In this photo provided by St Louis Zoo, Ozark hellbenders are shown developing in eggs at St. Louis Zoo on Nov. 11, 2011 in St. Louis, Mo. The rare Ozark hellbender, an endangered amphibian found only in a few Missouri and Arkansas counties, has been successfully bred in captivity for the first time, offering new hope for the animal's survival, scientists say.

In this photo provided by St Louis Zoo, Ozark hellbenders are shown developing in eggs at St. Louis Zoo on Nov. 11, 2011 in St. Louis, Mo. The rare Ozark hellbender, an endangered amphibian found only in a few Missouri and Arkansas counties, has been successfully bred in captivity for the first time, offering new hope for the animal's survival, scientists say. Photo by The Associated Press.

By JIM SALTER

Associated Press

ST. LOUIS (AP) — The rare Ozark hellbender, an endangered amphibian found only in a few Missouri and Arkansas counties, has been successfully bred in captivity for the first time, offering new hope for the animal’s survival, scientists involved in the breeding effort said Wednesday.

Officials with the St. Louis Zoo and Missouri Department of Conservation said the first captivity-bred hellbender hatched on Nov. 15 at the zoo. Sixty-two more soon followed, and an additional 120 eggs are expected to hatch within the next week.

“We don’t want this animal disappearing, and today’s announcement makes us believe we have a way to save the hellbender,” said Jeff Briggler, a herpetologist for the Missouri Department of Conservation.

The breeding is the result of a decade-long collaboration between the zoo and the state conservation department.

Rivers in the Ozarks region of southern Missouri and northern Arkansas once supported up to 8,000 Ozark hellbenders, but experts believe fewer than 600 now exist in the wild. The hellbender was added to the federal endangered species list in October.

The Ozark hellbender can grow up to 2 feet long — making it among the largest species of salamanders in North America. It is commonly known by a variety of nicknames — snot otter, alligator of the mountains, devil dog, mud-devil, walking catfish.

The hellbender is rarely seen because it stays hidden in the water with its brown skin with black splotches. It has a slippery, flattened body that easily fits into crevices and allows it to cling to river bottoms and move through strong currents. It also has numerous folds of skin on its sides, allowing increased oxygen absorption from the water.

The U.S. Fish and Wildlife Service said the main threat to the hellbender is damage to its habitat from mining, animal operations and fertilizer runoff. Briggler also cited the illegal capture and overseas sale of the hellbender for pets.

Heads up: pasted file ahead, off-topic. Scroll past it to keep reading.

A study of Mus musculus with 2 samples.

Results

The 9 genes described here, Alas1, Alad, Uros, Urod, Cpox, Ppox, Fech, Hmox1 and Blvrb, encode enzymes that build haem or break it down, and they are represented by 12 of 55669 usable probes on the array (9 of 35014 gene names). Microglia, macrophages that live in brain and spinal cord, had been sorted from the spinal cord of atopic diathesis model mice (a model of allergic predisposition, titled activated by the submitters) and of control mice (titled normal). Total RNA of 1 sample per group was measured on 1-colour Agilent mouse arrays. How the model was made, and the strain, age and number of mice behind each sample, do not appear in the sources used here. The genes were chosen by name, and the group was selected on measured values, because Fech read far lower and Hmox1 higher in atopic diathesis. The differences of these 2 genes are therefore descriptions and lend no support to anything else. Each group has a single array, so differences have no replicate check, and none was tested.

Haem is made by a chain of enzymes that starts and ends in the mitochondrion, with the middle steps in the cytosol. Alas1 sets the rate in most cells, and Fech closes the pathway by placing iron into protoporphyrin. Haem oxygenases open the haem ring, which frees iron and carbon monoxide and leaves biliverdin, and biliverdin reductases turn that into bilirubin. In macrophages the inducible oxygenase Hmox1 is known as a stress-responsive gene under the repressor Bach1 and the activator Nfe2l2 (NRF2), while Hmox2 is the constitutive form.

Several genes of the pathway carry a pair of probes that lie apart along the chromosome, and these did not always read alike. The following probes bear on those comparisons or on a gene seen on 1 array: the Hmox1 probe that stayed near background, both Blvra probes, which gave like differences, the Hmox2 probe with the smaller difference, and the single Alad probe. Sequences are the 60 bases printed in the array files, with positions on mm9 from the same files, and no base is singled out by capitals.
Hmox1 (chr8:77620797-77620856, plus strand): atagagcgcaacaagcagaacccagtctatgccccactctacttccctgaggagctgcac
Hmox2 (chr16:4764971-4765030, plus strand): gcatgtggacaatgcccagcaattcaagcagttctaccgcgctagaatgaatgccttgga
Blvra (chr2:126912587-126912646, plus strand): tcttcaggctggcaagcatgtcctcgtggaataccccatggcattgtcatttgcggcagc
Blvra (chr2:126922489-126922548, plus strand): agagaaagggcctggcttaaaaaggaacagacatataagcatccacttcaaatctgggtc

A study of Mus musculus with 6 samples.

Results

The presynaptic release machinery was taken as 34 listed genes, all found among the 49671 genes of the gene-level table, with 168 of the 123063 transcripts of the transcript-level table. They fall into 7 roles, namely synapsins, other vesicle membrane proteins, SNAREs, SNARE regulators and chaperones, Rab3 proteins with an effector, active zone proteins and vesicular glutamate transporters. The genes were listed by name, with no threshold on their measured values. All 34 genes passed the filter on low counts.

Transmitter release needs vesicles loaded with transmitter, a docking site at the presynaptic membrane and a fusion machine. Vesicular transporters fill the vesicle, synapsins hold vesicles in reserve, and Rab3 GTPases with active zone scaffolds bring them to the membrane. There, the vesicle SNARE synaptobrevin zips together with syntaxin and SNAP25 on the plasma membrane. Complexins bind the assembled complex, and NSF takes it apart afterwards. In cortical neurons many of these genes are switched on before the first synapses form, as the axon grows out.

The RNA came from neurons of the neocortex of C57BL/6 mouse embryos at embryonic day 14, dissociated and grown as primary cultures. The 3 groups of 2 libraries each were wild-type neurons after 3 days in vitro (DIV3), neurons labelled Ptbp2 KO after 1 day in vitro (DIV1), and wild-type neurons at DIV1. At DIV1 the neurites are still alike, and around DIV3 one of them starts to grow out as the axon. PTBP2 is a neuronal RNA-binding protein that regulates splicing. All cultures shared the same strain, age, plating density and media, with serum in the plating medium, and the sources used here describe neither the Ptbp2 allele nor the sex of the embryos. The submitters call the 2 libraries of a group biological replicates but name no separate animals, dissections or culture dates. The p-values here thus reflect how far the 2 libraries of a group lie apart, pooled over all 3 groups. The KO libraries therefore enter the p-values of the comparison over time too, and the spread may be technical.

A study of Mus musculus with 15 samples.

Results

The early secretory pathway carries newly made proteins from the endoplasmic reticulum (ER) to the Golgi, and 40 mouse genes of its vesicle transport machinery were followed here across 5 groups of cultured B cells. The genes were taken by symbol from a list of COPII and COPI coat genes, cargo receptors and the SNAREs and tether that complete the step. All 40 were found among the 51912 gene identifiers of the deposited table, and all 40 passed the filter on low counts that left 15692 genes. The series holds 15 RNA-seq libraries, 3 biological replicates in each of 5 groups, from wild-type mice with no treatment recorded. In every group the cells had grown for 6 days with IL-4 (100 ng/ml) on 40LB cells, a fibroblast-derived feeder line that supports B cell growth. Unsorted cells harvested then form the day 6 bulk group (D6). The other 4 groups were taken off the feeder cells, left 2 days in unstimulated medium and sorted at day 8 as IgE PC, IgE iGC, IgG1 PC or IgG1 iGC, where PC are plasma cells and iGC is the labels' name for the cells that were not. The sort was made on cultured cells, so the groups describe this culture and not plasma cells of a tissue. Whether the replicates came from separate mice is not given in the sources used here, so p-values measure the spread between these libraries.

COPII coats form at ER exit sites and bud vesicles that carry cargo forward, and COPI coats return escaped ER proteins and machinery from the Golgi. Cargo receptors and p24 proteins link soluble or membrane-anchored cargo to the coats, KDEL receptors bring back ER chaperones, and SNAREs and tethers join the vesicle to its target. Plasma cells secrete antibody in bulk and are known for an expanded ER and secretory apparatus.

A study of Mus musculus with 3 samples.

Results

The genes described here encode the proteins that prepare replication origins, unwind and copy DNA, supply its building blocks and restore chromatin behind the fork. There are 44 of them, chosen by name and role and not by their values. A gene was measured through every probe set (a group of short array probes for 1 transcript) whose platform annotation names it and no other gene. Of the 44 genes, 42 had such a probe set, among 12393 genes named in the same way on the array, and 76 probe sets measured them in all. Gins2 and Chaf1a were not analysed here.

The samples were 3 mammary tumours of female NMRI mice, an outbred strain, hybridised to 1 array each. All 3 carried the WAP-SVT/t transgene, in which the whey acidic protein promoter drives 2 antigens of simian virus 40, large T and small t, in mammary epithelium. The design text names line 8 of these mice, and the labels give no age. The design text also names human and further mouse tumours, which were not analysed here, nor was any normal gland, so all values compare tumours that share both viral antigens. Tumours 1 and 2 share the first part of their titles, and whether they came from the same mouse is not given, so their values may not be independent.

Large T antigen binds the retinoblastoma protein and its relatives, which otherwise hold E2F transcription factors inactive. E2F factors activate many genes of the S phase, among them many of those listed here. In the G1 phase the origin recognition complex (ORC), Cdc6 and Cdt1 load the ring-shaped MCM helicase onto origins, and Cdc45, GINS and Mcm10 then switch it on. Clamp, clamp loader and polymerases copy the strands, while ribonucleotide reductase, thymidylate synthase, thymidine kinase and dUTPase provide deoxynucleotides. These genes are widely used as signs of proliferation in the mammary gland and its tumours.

In fact, amphibians are in decline worldwide because of habitat loss and environmental degradation, prompting efforts to breed them in captivity to increase their numbers. Across the state in Missouri, the Kansas City Zoo has a breeding program for endangered Wyoming toads, which became extinct in the wild in 1994.

The plight of the hellbender prompted development of the Ron Goellner Center for Hellbender Conservation at the St. Louis Zoo. The eggs are the result of breeding of two wild-bred parents. The male has been at the zoo for two years. The female arrived in September.

The hatched eggs are maintained in climate-controlled trays in the zoo’s Herpetarium. Zoo officials say that for the first 45-60 days after emerging, the larvae will retain the yolk sack for nutrients and move very little. They won’t develop legs or external gills until they reach 18 months to 2 years of age, and won’t reach their full length until ages 5-8.

The captive-bred larvae can be released into their natural habitat at maturity.

Because the hellbender requires cool, clean running water to thrive, it serves as a barometer of the overall health of its ecosystem, said Jeff Ettling, curator of herpetology and aquatics at the zoo.

“Capillaries near the surface of the hellbender’s skin absorb oxygen directly from the water — as well as hormones, heavy metals and pesticides,” Ettling said. “If there is something in the water that is causing the hellbender population to decline, it can also be affecting the citizens who call the area home.”

The breeding program at the zoo has roots to 2001, when a group of scientists in Missouri and Arkansas began a number of projects to reverse the decline of the hellbender — egg searches, disease sampling, behavioral studies.

In 2004, funding from the Missouri conservation department, the Fish and Wildlife Service, private donors and the zoo paid for development of the breeding program in St. Louis.